Med-Act offers career path opportunities for those interested in specializing in the delivery of emergency medical services. Most paramedics spend many years at Med-Act, and often add specialty work to their role. Med-Act offers a variety of development and leadership opportunities for field providers.
Each ambulance is led by an officer, either a lieutenant or a paramedic. The officer provides medical leadership and guidance for all personnel who are part of the on-scene EMS team. The paramedic and officer usually alternate being the primary patient care provider with each call, but some crews choose to keep one person in the "primary role" for the duration of the shift, and then switch to the other partner being "primary" for the duration of the following shift. The team confers with each other about decisions to be made, but the officer has the final accountability and bears primary responsibility for any actions taken by the EMS crew.
Most ambulances are led by an EMS Lieutenant, responsible for supervising the EMS team. Lieutenants also serve as preceptors for paramedic students as needed. Each shift has three EMS Captains. Captains are responsible for training newly hired paramedics and are qualified to work as replacements for EMS Battalion Chiefs as needed. Captains supervise additional paramedics that they may not work with on a daily basis.
The shift is then led by two EMS Battalion Chiefs and a Division Chief, who serves as the shift commander. A Battalion Chief of Training is also assigned to support each shift and coordinate training for the shift.
Special Operations Teams
Med-Act maintains several special operations teams that specialize in different types of response. Many field providers join a special operations team in addition to their regular field assignment. Click here for more information on Special Operations at Med-Act.
Med-Act uses a collaborative leadership structure to incorporate field input on a variety of management issues. Field personnel are encouraged to participate in any of these venues. Field input is an essential part of Med-Act’s approach, helping to assure that our actions are coordinated and grounded.
The role of the Med-Act Council is to participate in the decision-making process regarding the department's growth and activities, in concert with the mission and values of the department. The Council assumes an active role in decisions pertaining to operations, projects, essential development concerns, and the financial implications. The Med-Act Council is comprised of elected representatives from different working units within Med-Act.
The council coordinates the work of four standing working groups: Systems Planning Group, Safety and Wellness, Clinical Standards and Practices and Information Systems.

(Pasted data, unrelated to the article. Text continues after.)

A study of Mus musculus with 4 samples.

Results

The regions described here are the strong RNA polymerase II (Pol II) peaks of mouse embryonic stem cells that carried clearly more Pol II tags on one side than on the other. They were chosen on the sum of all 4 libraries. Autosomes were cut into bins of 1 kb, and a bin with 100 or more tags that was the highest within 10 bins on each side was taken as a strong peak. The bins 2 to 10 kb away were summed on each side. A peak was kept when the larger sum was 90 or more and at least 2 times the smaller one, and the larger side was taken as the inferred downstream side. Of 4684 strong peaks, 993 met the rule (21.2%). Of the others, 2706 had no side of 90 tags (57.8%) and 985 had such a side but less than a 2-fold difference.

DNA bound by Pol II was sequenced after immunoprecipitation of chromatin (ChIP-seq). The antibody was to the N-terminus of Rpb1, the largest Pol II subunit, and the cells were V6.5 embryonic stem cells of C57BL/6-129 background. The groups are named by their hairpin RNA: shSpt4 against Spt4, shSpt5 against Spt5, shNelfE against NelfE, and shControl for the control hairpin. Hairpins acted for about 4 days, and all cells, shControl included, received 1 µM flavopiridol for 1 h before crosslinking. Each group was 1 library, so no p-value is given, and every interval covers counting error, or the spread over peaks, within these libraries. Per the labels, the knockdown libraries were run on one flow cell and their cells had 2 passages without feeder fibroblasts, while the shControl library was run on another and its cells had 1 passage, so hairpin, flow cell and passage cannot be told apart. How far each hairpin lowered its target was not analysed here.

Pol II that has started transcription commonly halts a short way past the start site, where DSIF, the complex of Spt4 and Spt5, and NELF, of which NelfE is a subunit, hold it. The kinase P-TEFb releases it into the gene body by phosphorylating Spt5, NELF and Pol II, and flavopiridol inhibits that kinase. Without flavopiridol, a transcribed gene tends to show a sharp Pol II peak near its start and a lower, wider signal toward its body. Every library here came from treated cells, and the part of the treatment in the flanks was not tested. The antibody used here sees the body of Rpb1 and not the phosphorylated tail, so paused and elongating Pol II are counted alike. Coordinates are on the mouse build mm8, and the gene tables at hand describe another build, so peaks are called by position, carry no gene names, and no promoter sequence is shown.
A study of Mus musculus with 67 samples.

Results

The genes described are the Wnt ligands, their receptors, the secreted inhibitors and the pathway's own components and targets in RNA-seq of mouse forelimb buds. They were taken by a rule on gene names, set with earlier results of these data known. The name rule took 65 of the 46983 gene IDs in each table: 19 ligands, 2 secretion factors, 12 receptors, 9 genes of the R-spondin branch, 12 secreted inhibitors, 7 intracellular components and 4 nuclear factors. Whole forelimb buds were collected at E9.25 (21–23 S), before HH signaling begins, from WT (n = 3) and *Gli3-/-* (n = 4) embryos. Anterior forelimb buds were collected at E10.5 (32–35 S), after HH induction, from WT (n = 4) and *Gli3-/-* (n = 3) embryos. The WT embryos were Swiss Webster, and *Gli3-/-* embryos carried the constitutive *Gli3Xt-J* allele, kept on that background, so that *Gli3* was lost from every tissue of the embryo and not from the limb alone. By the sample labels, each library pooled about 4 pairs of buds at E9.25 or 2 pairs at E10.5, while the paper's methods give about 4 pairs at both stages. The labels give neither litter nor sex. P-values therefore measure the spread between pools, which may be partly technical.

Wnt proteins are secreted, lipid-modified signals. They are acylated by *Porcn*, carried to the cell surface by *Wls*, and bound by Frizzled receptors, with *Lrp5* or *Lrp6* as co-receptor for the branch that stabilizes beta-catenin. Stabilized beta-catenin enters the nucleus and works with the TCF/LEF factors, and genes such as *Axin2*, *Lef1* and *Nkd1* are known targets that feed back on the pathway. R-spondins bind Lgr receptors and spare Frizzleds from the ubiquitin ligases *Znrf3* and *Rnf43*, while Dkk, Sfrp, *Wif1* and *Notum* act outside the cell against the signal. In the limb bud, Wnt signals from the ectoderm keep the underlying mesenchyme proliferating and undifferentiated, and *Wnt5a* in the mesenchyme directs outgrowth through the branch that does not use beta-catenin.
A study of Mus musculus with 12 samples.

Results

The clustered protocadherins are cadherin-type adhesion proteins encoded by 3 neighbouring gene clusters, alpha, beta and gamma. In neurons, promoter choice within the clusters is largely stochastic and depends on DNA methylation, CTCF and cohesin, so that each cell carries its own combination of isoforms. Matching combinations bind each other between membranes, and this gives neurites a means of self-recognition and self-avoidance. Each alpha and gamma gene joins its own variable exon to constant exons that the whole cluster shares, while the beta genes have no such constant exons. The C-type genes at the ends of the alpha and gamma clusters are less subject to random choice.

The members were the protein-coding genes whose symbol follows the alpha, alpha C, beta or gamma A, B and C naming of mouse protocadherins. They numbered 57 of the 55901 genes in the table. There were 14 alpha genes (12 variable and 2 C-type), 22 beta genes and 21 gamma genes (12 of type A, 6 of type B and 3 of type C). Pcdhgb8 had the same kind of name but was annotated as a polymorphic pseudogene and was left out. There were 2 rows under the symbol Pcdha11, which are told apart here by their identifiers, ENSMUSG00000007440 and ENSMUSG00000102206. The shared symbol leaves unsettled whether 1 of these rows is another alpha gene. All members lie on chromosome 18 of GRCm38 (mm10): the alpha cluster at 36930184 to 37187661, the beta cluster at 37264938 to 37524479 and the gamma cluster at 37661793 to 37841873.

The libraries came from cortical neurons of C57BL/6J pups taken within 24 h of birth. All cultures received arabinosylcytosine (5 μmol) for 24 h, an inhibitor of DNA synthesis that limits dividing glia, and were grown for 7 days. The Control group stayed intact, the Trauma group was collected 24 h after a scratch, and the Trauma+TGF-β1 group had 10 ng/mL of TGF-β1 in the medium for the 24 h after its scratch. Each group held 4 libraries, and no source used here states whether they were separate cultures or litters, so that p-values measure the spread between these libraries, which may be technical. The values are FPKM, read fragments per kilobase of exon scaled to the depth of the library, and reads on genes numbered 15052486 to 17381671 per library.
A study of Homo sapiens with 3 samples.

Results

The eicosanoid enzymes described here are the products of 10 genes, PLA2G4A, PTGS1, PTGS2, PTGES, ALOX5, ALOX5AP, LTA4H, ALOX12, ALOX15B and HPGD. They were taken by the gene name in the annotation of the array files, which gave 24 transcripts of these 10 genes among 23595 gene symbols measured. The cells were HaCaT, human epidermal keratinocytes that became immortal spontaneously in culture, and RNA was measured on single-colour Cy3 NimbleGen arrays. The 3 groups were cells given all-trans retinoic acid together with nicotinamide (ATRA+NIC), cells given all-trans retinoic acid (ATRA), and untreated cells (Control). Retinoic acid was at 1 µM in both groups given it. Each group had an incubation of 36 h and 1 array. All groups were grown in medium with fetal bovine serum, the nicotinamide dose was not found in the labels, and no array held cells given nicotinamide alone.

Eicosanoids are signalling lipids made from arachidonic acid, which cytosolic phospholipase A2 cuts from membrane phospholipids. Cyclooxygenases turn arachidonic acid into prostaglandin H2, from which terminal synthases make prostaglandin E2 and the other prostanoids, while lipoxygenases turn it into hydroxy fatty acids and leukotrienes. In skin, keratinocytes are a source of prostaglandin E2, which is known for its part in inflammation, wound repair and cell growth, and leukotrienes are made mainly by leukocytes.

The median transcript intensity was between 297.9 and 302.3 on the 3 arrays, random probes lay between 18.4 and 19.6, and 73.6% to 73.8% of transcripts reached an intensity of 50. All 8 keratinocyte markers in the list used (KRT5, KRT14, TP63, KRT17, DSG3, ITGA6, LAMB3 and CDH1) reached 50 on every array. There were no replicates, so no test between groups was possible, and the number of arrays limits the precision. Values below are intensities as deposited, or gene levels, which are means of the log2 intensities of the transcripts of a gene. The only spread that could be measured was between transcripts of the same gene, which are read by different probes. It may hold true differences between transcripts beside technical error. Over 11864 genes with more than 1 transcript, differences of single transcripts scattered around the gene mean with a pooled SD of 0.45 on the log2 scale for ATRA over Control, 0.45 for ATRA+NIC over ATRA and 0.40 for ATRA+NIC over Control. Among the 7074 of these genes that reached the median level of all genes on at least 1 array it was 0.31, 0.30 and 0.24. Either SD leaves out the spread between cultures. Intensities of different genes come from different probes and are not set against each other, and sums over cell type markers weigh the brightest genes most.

System Planning Group
The System Planning Group (SPG) is a working committee under the Med-Act Council. It is comprised of seven to ten field providers. It allows paramedics to have input on how the EMS system works. Issues the SPG may make recommendations on range from where ambulances are placed to what tools personnel will use for communications.
Safety and Wellness
The role of EMS personnel can be physically and emotionally demanding. In the course of carrying out their daily EMS responsibilities, employees may be pushed to their physical and emotional limits. At such times, a risk for injury or stress on the employee exists. The SW group has the responsibility to advise the department on safe practices for both our providers and our patients. This includes wellness programs offered by the department.
Clinical Standards and Practices
The Clinical Standards and Practices group (CSP) evaluates new equipment, medications, medical procedures, or anything that involves direct patient care. When new equipment or procedures are to be implemented, the CS&P group works closely with management and education to purchase equipment and train the department. This ensures that all levels are represented when new items are put in place, or other items are removed.
CSP also has standing subcommittees that are devoted to ambulance and PAR unit design. These subcommittees write and approve the specifications for vehicles to be ordered by the department.
Information Systems Group
Med-Act uses a variety of information technologies to capture and analyze information, including ruggedized laptops for electronic medical records, tablets for administrative and research tasks and computerized inventory systems. The Information Systems Group (ISG) consists of field providers acting as a user’s group to assure functionality. ISG evaluates both software and hardware, testing new technologies to assure field readiness.